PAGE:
November 18, 2010

"All the stockings were hung with great care..." or so the story goes. The real truth about Christmas stockings is that they were never supposed to be hung on a fireplace!  Wise parents really created Christmas stockings to be hung at the foot of the bed in the children's bedroom. The idea was that if a child woke up early on Christmas morning, the stocking would keep the child busy so that the parents would get a few hours of extra sleep before being dragged from bed by excited children. Somehow this has been changed to hanging from the fireplace mantel. I suspect that a decorator was involved. Think about it! All the beautiful pictures in the magazines show a picture perfect room with a fireplace decorated to the hilt with matching stockings. In my world, most of my stockings do not match. Not even the ones I wear.

 

I decided to do some investigating to find out if I am the only unusual person. Looking back over years of Christmas stockings, I have found that I tend to be a traditionalist using the classic Christmas stocking as my base. My first stocking was one I made for my baby girl. I cross-stitched the top with her name and Raggedy Ann with a series of toys. It took months to create the top and an hour to complete the stocking. It was a work of art which I have treasured through the years. My next set of stockings I purchased a kit from Moda. It included wonderful precut pieces of wool felt with loads of trims to add to the stocking. I gathered my grandchildren around me so they could make their own stockings with my help.  These were very pretty when finished, but not exactly works of art. Those sequins were a real pain to glue on. Surprisingly enough these are still their favorite stockings when they come to my house. One year, Southern Living had a Christmas layout using plain old burlap made into Christmas stockings accented with jumbo red rick rack.  I happened to have a surprise Christmas guest coming so I rushed to create this burlap stocking. I was surprised to see how elegant it looked amidst my other Christmas decorations. Even the humblest materials can look great!

 

Now Holly, our resident elf, has a less traditional look to her stockings. She runs the gamut from stockings with curled toes to bloomer stockings that bear no resemblance to the traditional look. I was fascinated with these. They look so girly.

 

Let your imagination go wild! Stockings do not have to be in traditional colors of red and green. They do not need to be in the regular Christmas stocking shape. You can have curly toes, high heels, look like cowboy boots and more! I have found some fun stockings that look like mittens. Stockings came be made from home decorating fabrics, burlap, organza, tulle. They can be knitted or crocheted. Look at your stash and I bet you have all the materials you need at your fingertips. Here is our stockings: Stocking1.jpg   stocking2.jpgPost your Christmas creations on our facebook page. We look forward to seeing them!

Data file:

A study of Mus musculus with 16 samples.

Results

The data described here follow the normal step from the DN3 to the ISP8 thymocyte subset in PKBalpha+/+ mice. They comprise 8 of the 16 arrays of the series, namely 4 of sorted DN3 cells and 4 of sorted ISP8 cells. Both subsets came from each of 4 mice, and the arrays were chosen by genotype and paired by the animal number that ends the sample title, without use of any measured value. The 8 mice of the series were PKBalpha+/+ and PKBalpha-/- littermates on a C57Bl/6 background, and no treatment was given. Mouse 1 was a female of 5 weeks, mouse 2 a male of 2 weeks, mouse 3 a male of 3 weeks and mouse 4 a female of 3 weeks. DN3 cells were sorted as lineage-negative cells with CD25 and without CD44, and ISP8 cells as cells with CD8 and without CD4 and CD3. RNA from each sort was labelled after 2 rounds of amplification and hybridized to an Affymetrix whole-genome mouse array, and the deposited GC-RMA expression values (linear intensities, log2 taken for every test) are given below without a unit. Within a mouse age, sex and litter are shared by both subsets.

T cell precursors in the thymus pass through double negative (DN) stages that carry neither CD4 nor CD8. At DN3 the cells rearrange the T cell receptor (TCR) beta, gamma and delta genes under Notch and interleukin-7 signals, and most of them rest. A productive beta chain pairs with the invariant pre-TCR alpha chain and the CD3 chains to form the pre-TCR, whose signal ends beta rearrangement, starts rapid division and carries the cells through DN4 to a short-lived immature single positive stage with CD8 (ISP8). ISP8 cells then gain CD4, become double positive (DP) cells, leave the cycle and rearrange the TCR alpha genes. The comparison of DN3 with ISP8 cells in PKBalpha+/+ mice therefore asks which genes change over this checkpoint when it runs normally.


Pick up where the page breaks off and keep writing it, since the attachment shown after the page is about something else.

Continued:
Okay, so this is supposed to be funny, but listen, we take our Christmas traditions seriously. The stockings were hung by the chimney with care...because they only had one pair of darned (repaired)stockings that needed to be washed out each night and were hung by the fire to dry before morning. When the poor women got up to get dressed, imagine their surprize when they found gifts of money in the stockings! It was to serve a real purpose, not an invented one of "Hey, where is my not needed, over-indulged surprize." But, then, you are writing this blog, so you can have it your way.

Meanwhile, I will join you in the creativity of the season!

Merry Christmas
(Happy Chanukkah, winter solstice, etc)

Actually, you're both right. The original idea of gifts in the stockings was NOT stockings, but shoes left outside of Dutch homes and a kindly man (St. Nikolaus supposedly) leaving coins for the poor children. Then it morphed into leaving gifts in the "drying" stockings hung by the fireplace to dry. In the UK, once Christmas took hold (not until a German alliance, which brought Christmas into the fore), the stockings were hung on the ends of the children's beds. This was partly because the Christmas tree (also brought over by the Germans) was not put up until Christmas Eve and the children did not see it until the morning. I suppose it was a way to keep them occupied until the family gathered to reveal the tree.
My wonderful husband made special hooks that hung off my two boys' bunk beds. Since we never had a fireplace, the boys' stockings were hung at the end of their beds and were magically filled in the morning. I can tell you, my two sons tried to catch him filling up the stockings all of their youth and never did figure out how he mysteriously entered their room and filled their stockings -- which, by the way, were knit by my mother when they were born.
Have a peaceful and fun holiday season!